Today in Food we introduce The Process, David Hagedorn’s new monthly column, which takes the place of his Sourced column. It’s a look into the mind of a chef as he works with ingredients to develop a recipe — the same process the rest of us can use when cooking at home.
Also this week, Jane Black tells us about programs in New York and elsewhere that place fruit and vegetable vendors in low-income neighborhoods to give residents better access to fresh, healthful foods. And staff writer Tim Carman cooks his way through Alain Ducasse’s latest book, “Nature,” and delivers his verdict.
And you don’t want to miss today’s Free Range chat, your chance to join the Food staff (and invited guests) and ask us questions or just chew the fat. Today we’ll be joined by David Hagedorn, who’ll be happy to talk more about his new column.
You’ll join us, right? It all starts at noon. Until then, here’s a leftover question from last week’s chat to tide you over:
I stink at cupcakes. They always turn out too dense. For Easter, I made adorable coconut ones with jellybean “eggs” on top. The recipe was from Martha Stewart and included two additional egg whites, which I thought would help lighten the batter. However, they turned out heavier than I would have liked. I am considering whipping egg whites next time and folding them in to get more of an angel food cake consistency. Is that my only resort, or is there another way to get a light, fluffy cupcake?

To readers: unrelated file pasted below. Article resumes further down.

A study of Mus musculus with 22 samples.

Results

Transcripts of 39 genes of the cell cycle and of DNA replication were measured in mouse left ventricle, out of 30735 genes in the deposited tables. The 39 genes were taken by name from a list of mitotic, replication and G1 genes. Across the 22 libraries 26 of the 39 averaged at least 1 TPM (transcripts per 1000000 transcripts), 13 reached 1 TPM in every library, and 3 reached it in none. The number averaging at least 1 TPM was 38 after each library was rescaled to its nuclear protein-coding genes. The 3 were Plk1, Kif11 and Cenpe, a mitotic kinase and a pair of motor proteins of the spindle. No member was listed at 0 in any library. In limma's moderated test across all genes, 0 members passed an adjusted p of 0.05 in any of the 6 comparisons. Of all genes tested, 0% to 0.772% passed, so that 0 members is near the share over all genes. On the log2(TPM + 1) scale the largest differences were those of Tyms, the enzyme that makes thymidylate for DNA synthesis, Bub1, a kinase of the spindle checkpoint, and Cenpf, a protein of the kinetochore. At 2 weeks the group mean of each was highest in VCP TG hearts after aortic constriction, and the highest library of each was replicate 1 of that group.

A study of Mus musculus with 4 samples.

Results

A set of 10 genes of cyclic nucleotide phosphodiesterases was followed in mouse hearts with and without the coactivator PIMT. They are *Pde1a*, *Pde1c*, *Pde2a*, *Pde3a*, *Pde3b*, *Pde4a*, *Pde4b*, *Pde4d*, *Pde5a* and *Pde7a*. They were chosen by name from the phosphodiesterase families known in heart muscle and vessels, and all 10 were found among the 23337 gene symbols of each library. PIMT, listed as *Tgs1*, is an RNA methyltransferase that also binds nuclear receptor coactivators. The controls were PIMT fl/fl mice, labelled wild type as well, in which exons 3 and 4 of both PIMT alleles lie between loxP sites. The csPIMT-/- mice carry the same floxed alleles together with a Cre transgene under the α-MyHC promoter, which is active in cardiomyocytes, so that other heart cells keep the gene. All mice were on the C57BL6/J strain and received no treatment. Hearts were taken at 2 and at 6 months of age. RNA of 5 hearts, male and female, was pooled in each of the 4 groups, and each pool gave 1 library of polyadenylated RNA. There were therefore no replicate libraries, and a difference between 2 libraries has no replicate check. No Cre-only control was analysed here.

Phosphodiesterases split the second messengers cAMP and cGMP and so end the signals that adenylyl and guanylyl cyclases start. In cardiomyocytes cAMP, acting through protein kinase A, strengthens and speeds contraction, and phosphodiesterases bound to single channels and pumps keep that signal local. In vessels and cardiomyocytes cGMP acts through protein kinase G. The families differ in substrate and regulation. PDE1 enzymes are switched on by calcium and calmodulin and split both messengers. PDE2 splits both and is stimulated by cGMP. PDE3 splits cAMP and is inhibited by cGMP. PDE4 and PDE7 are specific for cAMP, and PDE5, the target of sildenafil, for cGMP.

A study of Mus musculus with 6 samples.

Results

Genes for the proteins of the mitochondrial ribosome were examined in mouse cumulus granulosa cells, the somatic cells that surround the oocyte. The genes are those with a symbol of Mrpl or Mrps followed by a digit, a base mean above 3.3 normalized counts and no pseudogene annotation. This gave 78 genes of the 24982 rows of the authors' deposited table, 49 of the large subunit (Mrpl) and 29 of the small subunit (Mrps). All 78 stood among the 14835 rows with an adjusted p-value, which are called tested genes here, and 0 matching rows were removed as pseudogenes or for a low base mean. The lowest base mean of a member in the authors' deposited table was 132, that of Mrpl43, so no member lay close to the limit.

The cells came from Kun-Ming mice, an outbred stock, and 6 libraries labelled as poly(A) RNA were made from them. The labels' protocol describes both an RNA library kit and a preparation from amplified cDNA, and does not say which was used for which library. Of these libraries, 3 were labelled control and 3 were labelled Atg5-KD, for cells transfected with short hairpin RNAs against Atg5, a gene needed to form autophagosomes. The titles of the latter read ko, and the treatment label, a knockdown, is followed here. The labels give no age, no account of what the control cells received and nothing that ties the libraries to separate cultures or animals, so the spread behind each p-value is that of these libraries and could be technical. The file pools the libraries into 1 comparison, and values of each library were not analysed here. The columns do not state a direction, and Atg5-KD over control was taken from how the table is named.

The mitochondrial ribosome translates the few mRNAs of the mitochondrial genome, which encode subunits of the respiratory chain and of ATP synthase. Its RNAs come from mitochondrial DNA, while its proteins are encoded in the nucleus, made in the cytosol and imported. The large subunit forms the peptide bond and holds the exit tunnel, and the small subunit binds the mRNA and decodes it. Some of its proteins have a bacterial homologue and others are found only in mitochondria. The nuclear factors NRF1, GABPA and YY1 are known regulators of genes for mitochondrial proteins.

Possibly the most critical step in cakemaking is the creaming of the fat and sugar. If you do it right, your cupcakes should have the fluffy texture you’re after. If you do it wrong, they can turn out leaden.
Try that Martha Stewart recipe again, and this time:
Have your butter a little colder than room temperature. Start by beating the butter by itself for a minute or so, until it’s soft, then add the sugar and beat at medium speed until the mixture is pale and fluffy, at least four minutes (longer if you are using a hand mixer instead of a stand mixer). Don’t cut this step short; you’re creating the air bubbles that will define the cake’s crumb. Stop the beaters occasionally so you can scrape down the sides of the bowl if you need to. If you think the butter might be getting too warm — melting will be bad for your cake’s texture — stop beating, stash the bowl in the fridge for a while and start again.
Have your eggs at room temperature. When you add them, beat just enough to incorporate them, then stop. Same with the dry ingredients: Once the flour is added, overmixing will develop tough gluten, and that will produce a chewy cupcake.
Will you give it a shot, and then report back? No promises, but it does seem like a better creaming technique might be the answer to your problem.